The Texans (5-5) host the Saints (4-6) on Sunday at noon CT in NRG Stadium. New Orleans is coming off a bye week, and they've switched defensive coordinators. Here are five key storylines to follow when these two teams square off in Week 12.

1. Run it again- Last week against a Jets defense that entered the game as the NFL's best against the run, the Texans managed to pump out 123 yards on the ground. It took them 37 carries to do so, but the ability to get yards and stay on the field was a huge key in beating New York.

The Saints come to town with the NFL's 29th-ranked run defense, and they're allowing 131.2 yards per game. Opponents have gained an average of 4.93 yards per carry.

But mitigating that is the change that's been made, as New Orleans fired defensive coordinator Rob Ryan and replaced him with Dennis Allen.

"There's a coaching change there and that's difficult," head coach Bill O'Brien said. "That's a challenge talking about for us because they're coming off of a bye so I'm sure they'll have some different stuff for us that maybe isn't on film, some different schemes and things like that."

O'Brien stressed that they've scoured the game film back as far as 2006. Offensive coordinator George Godsey acknowledged the challenge of a change in coaching, but also emphasized that the personnel is what matters most.

"I think the League is all about the players, so it's making sure that from a players' standpoint we know the personnel, got some bigger DBs to deal with, got some fast linebackers to deal with, got some defensive linemen that are producing too for them," Godsey said. "It's about the players and it's about our players getting to know the personnel."

2. How's Hoyer?- After missing a game and a quarter with a concussion, quarterback Brian Hoyer is back

and will start under center against the Saints. He's in the midst of his best season as a pro, completing 59.5 percent of his passes and tossing 13 touchdowns to just four interceptions. When he returned to the practice field on Wednesday, Godsey said Hoyer looked as good as he did in the week preparing for Cincinnati.

"I don't see anything different than a couple weeks ago," Godsey said. "It's about him digesting this game plan and there's a lot of distractions this week obviously. So, it's bearing down on what we're trying to accomplish."

The Saints' defense has allowed an opposing quarterback rating of 116.6, which is worst in the NFL. Hoyer's rating this season is 92.9.

3. Pass rush combo-Defensive end J.J. Watt tallied a pair of sacks last week against the Jets, and it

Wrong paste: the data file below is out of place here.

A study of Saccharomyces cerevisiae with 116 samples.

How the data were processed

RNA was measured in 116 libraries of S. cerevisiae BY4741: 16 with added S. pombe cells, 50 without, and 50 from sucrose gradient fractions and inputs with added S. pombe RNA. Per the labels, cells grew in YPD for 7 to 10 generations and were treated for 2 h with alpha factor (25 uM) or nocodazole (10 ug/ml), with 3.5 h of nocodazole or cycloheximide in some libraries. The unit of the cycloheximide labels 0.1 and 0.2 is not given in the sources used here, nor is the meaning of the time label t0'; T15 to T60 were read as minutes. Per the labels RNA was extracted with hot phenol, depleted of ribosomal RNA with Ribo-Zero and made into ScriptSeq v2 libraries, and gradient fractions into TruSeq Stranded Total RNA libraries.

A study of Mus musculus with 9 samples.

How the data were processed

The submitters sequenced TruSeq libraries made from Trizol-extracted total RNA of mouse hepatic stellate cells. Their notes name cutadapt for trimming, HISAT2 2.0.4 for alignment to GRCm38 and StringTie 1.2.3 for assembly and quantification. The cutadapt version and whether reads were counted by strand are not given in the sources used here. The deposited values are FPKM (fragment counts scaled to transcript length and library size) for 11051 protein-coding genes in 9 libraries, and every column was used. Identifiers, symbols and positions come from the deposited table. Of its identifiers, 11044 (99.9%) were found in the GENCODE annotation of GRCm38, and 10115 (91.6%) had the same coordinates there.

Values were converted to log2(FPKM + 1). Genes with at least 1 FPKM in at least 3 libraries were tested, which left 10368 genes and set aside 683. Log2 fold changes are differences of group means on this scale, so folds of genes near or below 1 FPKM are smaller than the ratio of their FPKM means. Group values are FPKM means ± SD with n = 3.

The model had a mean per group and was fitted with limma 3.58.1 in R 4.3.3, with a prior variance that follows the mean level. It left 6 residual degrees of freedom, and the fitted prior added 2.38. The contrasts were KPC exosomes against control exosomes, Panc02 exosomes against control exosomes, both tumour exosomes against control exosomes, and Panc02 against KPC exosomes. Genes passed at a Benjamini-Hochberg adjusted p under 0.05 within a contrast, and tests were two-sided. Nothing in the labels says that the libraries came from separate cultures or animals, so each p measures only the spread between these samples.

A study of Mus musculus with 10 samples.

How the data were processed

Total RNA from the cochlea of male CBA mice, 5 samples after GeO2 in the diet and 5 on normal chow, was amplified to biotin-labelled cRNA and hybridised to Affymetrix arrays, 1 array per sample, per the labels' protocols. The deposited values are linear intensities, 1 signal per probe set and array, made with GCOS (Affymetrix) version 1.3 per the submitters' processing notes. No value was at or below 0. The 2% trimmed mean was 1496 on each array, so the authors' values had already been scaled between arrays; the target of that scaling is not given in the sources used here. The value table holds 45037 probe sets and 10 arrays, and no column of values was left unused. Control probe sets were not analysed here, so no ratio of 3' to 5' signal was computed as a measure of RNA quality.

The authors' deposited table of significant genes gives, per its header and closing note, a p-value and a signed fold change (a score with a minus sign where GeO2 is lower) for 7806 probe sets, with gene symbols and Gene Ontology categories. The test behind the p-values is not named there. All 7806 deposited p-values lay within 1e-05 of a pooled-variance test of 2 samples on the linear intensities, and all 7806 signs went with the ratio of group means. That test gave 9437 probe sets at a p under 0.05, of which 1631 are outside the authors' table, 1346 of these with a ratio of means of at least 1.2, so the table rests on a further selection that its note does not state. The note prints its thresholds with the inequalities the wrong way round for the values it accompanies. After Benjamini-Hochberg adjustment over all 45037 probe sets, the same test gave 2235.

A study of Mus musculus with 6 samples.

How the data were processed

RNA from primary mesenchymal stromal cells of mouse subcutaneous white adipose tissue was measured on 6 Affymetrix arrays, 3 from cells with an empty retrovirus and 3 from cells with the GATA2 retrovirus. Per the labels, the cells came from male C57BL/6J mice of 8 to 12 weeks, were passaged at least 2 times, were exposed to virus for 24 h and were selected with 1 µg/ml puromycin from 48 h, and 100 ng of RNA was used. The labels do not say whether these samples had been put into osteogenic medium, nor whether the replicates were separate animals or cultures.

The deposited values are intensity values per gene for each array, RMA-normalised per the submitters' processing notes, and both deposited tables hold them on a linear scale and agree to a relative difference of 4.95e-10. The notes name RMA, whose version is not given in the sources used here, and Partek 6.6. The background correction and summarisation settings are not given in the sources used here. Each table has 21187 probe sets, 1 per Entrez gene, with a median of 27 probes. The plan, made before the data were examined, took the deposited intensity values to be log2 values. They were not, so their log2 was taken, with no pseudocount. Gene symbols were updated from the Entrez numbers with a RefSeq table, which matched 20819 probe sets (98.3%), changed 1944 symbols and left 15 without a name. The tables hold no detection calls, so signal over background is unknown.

was his fourth multi-sack game of the season. He was moved all along the line, as were outside linebackers Whitney Mercilus and Jadeveon Clowney. The second-year pass rusher was disruptive all afternoon, and Crennel explained why Clowney's been so successful.

"Well he's a big guy that has strength, has some quickness, and got some speed. That combination, no matter who has it, poses problems. His length is a big problem for offensive linemen as well as for quarterbacks because he's pretty tall and I think with more practice time, he'll get better and we should see a better player overall."

That trio, and the rest of the pass rush has made a big impression on New Orleans head coach Sean Payton.

"It's an explosive group," Payton said. "It's back to that, and I'm not just discussing third down, but man they get going in their four and five-man rush patterns. They become very difficult in, they're inside, they're outside, they're never just one spot which makes it a little bit more challenging as you're trying to slide a protection or get help or chip for protection. That becomes very challenging."

4. Defending Brees: Despite his team's losing record, quarterback Drew Brees continues to flourish.

He's completed 257-of-370 pass attempts for 2,972 yards and thrown 20 touchdowns to just nine interceptions. A likely Pro Football Hall of Famer, Brees is rolling, and Watt reeled off a list of reasons why.

"It's his leadership skills, the way his guys follow him," Watt said. "It's how smart he is and the way that he plays the game. He's so studious. He knows what's going on, everywhere all the time. It's how tough he is. He's going to go out there and he's going to compete every single play. He's going to find a way. He's going to do whatever it takes to help his team win."

Although he's putting up numbers, he's also been dropped for a sack 23 times through ten games. The Texans will try to continue that, and Brees said he and New Orleans will be tested mightily.

"They're playing as well as anybody in the league right now, without question," Brees said. "The last four weeks have been pretty impressive. Really all the way around. That defensive front has done a really good job both in the run game and the pass game, getting pressure, and all those things."

5. Toxic Differential- There's a statistic called ‘toxic differential’ that former Ravens head coach Brian Billick made popular. It adds a team's turnover differential and its big play differential. Turnover differential is takeaways minus giveaways. Big play differential is difference between pass plays of 25 yards or more gained and allowed, combined with runs of 10 yards or more gained and allowed.

Right now, the Texans are 21st in the NFL at minus-8 in this category. They're even in the turnover differential spot, but have given up more big plays than they've gained. The Saints, meanwhile, are 27th in the NFL in this spot, but they're minus-19.

The Texans need to continue to come up with the takeaways, stay clean, and limit the big plays.